Lesson 1- Computer Basics and the History of Programming
C# is a fantastic programming language that combines the best parts of C++, Java, and Visual Basic all into one language. In our first lesson, you'll get an idea of where we've come from by taking a look at a brief history of programming languages. We'll then explore the .NET framework and get a better feeling for what makes C# so special.
Lesson 2- The C# Compiler and Your First C# Program
Armed with some background, you'll now proceed to installing the C# compiler, and then we'll write, compile, and run our first C# program. Although we'll start with a small program, you'll see that even small C# programs can be a bit tricky. Today's lesson gives you a great opportunity to practice working with the compiler, something that you'll be using for the remainder of the course.
Lesson 3- Data Types and Mathematical Operators
Now that you're comfortable with compiling and running simple programs, we can take a look at math. Don't worry, we won't be running calculations for launching the Space Shuttle. But you will be learning about the basic math operators that C# provides. And because we'll need some place to save the results of our calculations, we'll also talk about variables and their data types.
Lesson 4- Value Returning Methods
Today's lesson is our first step into modular programming with methods. Methods are a helpful tool because they allow us to break up big programs into smaller, more manageable parts. We'll start by looking at a few built-in methods that are available to us to use in our programs. But then you'll learn how to write your own methods and call them in your program. Hopefully you'll agree that this way of programming makes it easier to tackle large problems.
Lesson 5- Void Methods and Overloading
In today's lesson, we'll continue building on the concept of methods by discussing methods that don't return any value. While these methods may not seem as important, they still help in making your program more modular. We'll also talk about method overloading, which can help improve the readability of your programs by reusing method names within the same code file.
Lesson 6- The <em>if</em> Selection Structure
By this point in the course, you'll be comfortable doing the basics of C#: working with variables, math, and methods. So now we'll turn our attention to the first programming structure: decisions. In this lesson, you'll learn about the if statement and how you can use it to let the computer choose which set of statements to execute based on some condition.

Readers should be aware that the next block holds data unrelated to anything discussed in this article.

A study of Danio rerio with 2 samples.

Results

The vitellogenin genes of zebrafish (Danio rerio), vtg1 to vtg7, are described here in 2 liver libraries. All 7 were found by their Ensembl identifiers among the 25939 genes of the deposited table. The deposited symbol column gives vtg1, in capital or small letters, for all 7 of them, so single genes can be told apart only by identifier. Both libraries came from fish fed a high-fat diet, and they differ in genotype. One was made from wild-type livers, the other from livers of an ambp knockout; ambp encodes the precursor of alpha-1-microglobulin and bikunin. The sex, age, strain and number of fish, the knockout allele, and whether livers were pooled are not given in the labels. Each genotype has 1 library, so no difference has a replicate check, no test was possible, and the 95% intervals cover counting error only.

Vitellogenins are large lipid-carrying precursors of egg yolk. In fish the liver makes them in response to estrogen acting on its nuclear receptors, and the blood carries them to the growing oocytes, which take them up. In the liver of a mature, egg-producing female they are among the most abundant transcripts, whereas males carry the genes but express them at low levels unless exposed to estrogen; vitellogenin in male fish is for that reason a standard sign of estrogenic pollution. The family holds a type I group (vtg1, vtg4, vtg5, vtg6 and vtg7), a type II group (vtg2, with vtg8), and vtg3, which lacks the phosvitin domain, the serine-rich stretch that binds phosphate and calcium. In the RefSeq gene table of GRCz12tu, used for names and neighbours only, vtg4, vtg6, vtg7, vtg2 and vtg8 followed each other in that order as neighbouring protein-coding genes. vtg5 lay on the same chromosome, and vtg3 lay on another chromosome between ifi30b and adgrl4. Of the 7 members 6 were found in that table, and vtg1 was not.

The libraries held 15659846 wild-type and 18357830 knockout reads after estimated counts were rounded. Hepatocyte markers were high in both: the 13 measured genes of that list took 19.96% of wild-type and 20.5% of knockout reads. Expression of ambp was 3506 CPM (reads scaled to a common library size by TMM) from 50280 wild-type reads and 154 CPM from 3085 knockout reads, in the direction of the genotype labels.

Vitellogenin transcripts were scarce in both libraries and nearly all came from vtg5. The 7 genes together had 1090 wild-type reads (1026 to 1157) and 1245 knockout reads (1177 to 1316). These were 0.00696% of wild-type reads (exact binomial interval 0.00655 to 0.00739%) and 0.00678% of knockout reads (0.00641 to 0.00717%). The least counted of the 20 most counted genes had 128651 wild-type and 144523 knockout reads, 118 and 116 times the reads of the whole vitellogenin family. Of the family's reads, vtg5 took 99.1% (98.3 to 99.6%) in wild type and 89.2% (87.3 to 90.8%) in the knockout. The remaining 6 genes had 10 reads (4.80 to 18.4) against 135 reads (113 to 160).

Lesson 7- More About the Selection Structure
We'll continue our investigation of the decision structure in today's lesson by taking a look at more complex if statements. You'll also learn how to use the switch statement to make decisions in your programs as well. This ability to have multiple programming structures is sort of like having another tool in your tool belt. Sometimes a job is far easier to do if you just use the right tool. You may not always need to use every tool, but it's good to know what tools are there and how to use them. You'll find the same is true in programming.
Lesson 8- The Repetition Structure
Keeping with the theme of programming structures, we'll now take a look at the repetition structure. Just as there were different ways to implement the decision structure, there are a couple of ways to work with loops. Specifically in this lesson, we'll talk about the while loop, the for loop, and the do loop. Each structure works the same in that they allow you to repeat statements, but each one is a little different. Here you'll learn their differences and add to the tools in your tool belt.
Lesson 9- Arrays
One of the most useful applications of loops is arrays, so it makes sense for us to build on your knowledge of loops and explore array variables in this lesson. You'll learn how to create and access array variables. We'll also see how to work with arrays and methods.
Lesson 10- Classes
Object-oriented programming is a big topic, and C# is an object-oriented language. We'll spend some time in this lesson going over exactly what an object is and how it relates to a class. Then you'll write a class that will store the data necessary to keep track of the time. Since you're writing this class, you'll have the ability to take this code and add it to any program that needs to store information about the time, such as appointment books and scheduling programs.
Lesson 11- Exceptions and Files
Obviously, computer programs are big time savers and really help us to automate things. But in order for a program to be really useful, it needs to be able to save data for use later. That's why we'll go over data files in this lesson. Today, you'll learn how to read from and write to external data files so you can store your user data forever.
Lesson 12- Graphical User Interfaces
For our final lesson, we'll look at programs with a Graphical User Interface (GUI). While C# has an Integrated Development Environment (IDE) that gives you the ability to easily create GUI applications, the code that's generated is buried deep in the file structure. So to show you that there's no magic going on, today I'll show you how to build your own GUI without an IDE. By doing this, you'll be far better prepared for working with IDEs in the future because you'll know exactly what's going on behind the scenes.